Brokerages says TCS management rejig not to affect performance

Brokerages says TCS management rejig not to affect performance

Brokerages says TCS management rejig not to affect performance

 Tata Consultancy Services (TCS), the software services company of the Tata Group, which announced its quarterly results on Thursday, may have announced a forced change in management, but it is unlikely to have a major impact on the company’s performance going forward, according to most of the brokerages.

“Though a leadership change amidst the industry going through significant transition may not be viewed by some as an optimal option, we believe that Rajesh Gopinathan will provide continuity of leadership having been a Tata Group lifer and with TCS since 2001,” ICICI Securities said.

“TCS’ decentralised operating structure and decision-making — where leaders of micro verticals manage individual profit and losses and decide their own pricing, go-to-market and solutioning strategies — should also ensure that the execution engine of TCS continues to work like before with limited disruption,” ICICI Securities added.

“We believe that elevation of an insider to the CEO post will ensure smoother transition and continuation of the company's strategy,” Edelweiss said.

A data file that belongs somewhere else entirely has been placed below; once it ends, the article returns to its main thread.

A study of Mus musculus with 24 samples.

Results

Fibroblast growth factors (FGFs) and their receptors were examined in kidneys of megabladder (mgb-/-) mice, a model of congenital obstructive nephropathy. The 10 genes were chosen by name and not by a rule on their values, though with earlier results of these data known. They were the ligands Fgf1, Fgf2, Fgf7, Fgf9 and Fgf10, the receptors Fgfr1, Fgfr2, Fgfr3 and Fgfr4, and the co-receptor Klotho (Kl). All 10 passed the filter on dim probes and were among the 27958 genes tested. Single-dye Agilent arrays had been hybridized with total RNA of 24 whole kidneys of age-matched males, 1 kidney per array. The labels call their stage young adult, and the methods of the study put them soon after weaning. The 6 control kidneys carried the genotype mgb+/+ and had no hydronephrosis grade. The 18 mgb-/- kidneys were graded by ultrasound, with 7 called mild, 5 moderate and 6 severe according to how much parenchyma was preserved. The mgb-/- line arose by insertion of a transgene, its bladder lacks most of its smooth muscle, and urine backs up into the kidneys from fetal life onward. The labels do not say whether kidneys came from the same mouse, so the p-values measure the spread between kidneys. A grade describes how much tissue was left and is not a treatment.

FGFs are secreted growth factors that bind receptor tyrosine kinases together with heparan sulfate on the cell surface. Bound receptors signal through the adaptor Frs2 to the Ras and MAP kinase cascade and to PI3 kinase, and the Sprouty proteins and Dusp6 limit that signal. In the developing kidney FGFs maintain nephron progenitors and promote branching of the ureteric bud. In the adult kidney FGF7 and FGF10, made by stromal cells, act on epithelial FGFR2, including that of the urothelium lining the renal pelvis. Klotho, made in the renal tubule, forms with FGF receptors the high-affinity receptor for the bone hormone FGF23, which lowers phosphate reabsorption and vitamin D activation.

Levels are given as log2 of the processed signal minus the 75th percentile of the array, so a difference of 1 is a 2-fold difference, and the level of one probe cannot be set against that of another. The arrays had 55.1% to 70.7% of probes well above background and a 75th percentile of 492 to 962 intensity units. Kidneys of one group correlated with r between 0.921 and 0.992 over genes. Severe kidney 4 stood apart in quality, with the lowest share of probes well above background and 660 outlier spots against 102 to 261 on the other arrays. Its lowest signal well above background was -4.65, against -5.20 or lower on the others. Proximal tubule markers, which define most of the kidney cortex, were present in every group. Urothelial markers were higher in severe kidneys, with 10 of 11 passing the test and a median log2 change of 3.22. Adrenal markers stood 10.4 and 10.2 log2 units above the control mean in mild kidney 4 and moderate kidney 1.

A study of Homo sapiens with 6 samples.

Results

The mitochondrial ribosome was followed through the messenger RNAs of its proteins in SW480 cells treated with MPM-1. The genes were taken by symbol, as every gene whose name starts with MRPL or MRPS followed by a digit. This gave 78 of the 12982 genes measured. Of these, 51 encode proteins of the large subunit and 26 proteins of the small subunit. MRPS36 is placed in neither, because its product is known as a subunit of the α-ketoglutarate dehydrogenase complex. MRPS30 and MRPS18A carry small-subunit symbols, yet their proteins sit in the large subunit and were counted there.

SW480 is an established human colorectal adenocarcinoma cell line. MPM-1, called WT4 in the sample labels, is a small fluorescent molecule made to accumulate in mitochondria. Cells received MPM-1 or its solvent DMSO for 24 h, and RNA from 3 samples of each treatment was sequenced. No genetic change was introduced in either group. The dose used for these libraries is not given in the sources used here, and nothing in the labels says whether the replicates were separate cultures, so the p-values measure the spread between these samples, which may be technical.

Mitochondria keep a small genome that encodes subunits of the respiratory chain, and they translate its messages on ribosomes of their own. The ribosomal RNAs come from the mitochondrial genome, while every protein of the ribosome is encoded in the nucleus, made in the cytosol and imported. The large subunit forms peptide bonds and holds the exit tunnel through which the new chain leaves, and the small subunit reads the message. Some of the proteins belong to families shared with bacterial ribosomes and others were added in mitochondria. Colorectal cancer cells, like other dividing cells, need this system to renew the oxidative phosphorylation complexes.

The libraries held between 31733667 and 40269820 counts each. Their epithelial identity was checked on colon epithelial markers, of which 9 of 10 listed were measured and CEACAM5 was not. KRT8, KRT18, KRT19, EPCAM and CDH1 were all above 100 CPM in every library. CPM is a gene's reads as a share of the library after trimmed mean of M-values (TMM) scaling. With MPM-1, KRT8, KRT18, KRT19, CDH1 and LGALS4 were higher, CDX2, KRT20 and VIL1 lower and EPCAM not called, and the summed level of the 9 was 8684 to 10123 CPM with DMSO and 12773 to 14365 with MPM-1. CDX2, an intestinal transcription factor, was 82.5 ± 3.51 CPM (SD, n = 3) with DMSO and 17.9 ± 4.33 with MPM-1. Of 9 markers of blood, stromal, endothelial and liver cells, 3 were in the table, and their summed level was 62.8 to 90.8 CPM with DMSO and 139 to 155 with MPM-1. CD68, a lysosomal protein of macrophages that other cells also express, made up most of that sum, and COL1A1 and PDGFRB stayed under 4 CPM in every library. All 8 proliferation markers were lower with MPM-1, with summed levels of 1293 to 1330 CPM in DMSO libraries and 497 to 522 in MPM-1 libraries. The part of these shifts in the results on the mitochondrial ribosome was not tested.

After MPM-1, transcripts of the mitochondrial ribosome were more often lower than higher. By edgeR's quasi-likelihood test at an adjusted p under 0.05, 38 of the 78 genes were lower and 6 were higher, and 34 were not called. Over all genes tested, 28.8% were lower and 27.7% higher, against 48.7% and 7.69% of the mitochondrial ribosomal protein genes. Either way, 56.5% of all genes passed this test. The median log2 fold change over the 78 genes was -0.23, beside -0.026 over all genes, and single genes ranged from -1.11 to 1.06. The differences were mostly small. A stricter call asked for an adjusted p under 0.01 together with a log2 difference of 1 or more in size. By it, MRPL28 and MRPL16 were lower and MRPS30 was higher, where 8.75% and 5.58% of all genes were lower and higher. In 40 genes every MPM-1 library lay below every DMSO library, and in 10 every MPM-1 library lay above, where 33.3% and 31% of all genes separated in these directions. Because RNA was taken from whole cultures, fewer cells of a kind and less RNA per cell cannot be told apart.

TCS on Thursday announced the appointment of Gopinathan as its new chief executive officer and managing director following the appointment of TCS MD and CEO N Chandrasekaran as the chairman-designate of Tata Sons. The company also named N Ganapathy Subramaniam, who is currently President, TCS Financial Solutions, as the president and chief operating officer.

TCS had reported a 2.9% rise in sequential net profit for the quarter ended December 31, 2016, at Rs 6,778 crore, compared with Rs 6,586 crore in the September quarter. Religare, however, believes that TCS could see some short-term operational challenges due to the management change.

“Macro issues like Brexit and slowdown in US BFSI pose significant near-term headwinds. TCS’ large base ($ 17.6 billion), and relatively higher exposure to BFSI (40% of revenues) and the UK (13% of revenues), will pose significant challenges to its growth over the next few years. We also foresee near-term operational challenges, arising out of the management transition,” Religare said.